Avalanche - Climbing Alone and Unroped

New Hampshire, Mt. Washington, Huntington Ravine, Pinnacle Gully
Climb Year: 2013. Publication Year: 2014.

On March 1, James “Jimmy” Watts died as a result of injuries sustained in an avalanche in Pinnacle Gully. Jimmy left the Harvard Mountaineering Club cabin near the base of Huntington Ravine, intending to climb multiple gullies. Based on earlier conversations and by tracking his footprints in new snow, it’s believe he climbed the ice pitches in Odell Gully. He then descended a snow ramp into the bottom of South Gully before heading up into Pinnacle. Approximately two-thirds of the way up the route, on what would be the second pitch for a roped party, Jimmy triggered a slab avalanche that carried him downslope. He was found by a climber halfway down the Fan (the talus slope in the lower portion of the ravine) at approximately 3 p.m. The climber, who is a physician, called 911 to report the accident. He reported that Jimmy had no vital signs. USFS snow rangers responded to the scene from Hermit Lake. They located Jimmy, confirmed his status, and prepared him for transport to Pinkham Notch.

The avalanche released in the upper portion of the second pitch of the ice climb, just below a narrowing formed by exposed rock in the gully. The crown line was about 20 to 30 feet uphill from where we believe the climber was when the avalanche released. The crown was two feet deep, 20 feet wide, and slid on a bed surface of water ice. Avalanche danger on the day of the incident was rated “moderate.”


Jimmy Watts was a strong mountaineer with seven years of climbing experience, and was president of the Harvard Mountaineering Club from 2009 to 2010. He had spent dozens of winter days on Mt. Washington over the years. He had climbed every gully in Huntington Ravine, including Pinnacle, multiple times. All of the gullies were well within his technical abilities. Jimmy had read about and studied the dynamics of avalanches, and gained decision-making experience from years of mountaineering and backcountry snowboarding. However, he had never taken a formal avalanche safety course.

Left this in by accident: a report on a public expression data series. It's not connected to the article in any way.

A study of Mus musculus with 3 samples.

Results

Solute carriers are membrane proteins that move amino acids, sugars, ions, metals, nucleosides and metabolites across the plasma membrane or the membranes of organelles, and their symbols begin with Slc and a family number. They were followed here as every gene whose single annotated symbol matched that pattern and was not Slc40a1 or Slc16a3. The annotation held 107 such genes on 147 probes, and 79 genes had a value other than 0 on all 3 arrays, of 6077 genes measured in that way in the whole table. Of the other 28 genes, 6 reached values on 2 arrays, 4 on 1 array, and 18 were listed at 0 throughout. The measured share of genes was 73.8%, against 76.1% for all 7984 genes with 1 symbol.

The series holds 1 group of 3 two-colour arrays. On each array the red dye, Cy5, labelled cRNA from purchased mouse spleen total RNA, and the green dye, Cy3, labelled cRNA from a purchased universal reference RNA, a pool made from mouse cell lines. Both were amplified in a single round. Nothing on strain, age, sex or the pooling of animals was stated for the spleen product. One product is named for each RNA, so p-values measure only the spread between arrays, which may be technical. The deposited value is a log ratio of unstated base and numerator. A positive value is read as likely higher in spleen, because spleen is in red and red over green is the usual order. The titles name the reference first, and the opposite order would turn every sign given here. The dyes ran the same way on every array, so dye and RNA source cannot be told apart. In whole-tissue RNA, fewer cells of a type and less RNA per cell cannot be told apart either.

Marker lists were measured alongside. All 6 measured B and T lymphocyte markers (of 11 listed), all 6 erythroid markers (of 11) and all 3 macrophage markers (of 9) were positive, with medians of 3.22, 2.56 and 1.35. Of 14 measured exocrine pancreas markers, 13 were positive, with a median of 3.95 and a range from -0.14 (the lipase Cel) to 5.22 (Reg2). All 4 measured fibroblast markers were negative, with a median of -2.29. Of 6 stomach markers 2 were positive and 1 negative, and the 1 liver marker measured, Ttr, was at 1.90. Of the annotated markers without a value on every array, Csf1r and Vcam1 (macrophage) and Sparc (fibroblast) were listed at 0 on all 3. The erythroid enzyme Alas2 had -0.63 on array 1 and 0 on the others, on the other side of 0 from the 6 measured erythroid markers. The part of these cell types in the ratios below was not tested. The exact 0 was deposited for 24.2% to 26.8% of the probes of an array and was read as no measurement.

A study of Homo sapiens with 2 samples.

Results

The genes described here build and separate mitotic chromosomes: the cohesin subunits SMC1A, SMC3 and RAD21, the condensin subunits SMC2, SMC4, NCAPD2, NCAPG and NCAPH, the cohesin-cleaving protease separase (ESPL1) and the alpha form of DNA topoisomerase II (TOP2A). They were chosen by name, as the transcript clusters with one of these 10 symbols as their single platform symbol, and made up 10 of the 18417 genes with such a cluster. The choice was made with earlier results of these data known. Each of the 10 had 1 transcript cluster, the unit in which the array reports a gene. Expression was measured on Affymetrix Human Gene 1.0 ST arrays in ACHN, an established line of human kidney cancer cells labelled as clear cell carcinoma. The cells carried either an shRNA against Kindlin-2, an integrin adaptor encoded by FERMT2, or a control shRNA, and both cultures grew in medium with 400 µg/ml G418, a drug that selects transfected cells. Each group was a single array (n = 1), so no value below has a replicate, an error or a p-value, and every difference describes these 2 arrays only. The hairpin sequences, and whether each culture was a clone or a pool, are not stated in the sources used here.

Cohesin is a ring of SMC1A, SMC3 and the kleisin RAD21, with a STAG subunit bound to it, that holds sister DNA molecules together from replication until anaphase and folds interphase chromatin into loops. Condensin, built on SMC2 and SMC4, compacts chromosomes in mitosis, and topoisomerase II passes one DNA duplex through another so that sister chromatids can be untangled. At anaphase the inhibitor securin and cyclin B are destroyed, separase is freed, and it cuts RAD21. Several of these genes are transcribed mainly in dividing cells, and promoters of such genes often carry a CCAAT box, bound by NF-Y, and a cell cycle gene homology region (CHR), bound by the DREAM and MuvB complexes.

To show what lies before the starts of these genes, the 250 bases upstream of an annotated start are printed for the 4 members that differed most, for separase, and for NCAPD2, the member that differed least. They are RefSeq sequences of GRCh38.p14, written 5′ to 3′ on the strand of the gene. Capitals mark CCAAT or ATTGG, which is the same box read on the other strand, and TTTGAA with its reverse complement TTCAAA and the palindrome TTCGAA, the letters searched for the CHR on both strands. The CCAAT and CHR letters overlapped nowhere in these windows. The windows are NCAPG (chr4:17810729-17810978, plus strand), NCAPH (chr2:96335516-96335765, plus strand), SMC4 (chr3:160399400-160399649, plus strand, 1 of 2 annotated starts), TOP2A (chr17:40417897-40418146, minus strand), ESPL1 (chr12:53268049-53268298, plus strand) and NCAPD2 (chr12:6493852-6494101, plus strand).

At the time of the accident he had been climbing on the mountain and staying at the Harvard Cabin at the base of Huntington Ravine for several days. He was well aware of the recent snow cycle and weather conditions on the mountain. A few days before the accident he climbed Pinnacle and Damnation gullies with a partner. On the day of the accident he read the posted avalanche report and discussed his plans with the Harvard Cabin caretaker and the Mt. Washington snow rangers.

Jimmy knew he might encounter unfavorable conditions, and even though he was climbing solo he carried a pack containing all the equipment he might need for retreat: a 60-meter rope, harness, and anchor-building materials for ice and rock. Of course, this equipment could do nothing in the event of a sudden hazard such as an unexpected avalanche.

The avalanche that killed Jimmy was not large. He was not buried and did not suffocate, but instead died from internal injuries caused by his fall. Had the avalanche occurred in lower-consequence terrain, he likely would have been unhurt. However, once above the first-pitch ice bulge in Pinnacle, any fall would have been severe.

The Jimmy we knew liked to go for it, and it was one of his many admirable qualities. He was no doubt trying to balance this enthusiasm against rational risk calculations and his love of life. In the end, it all added up to a decision to go. It’s a good opportunity to reflect on our own decision-making processes and what goes into them. (Source: Edited from a report submitted by Will Skinner and various members of the Harvard Mountaineering Club.)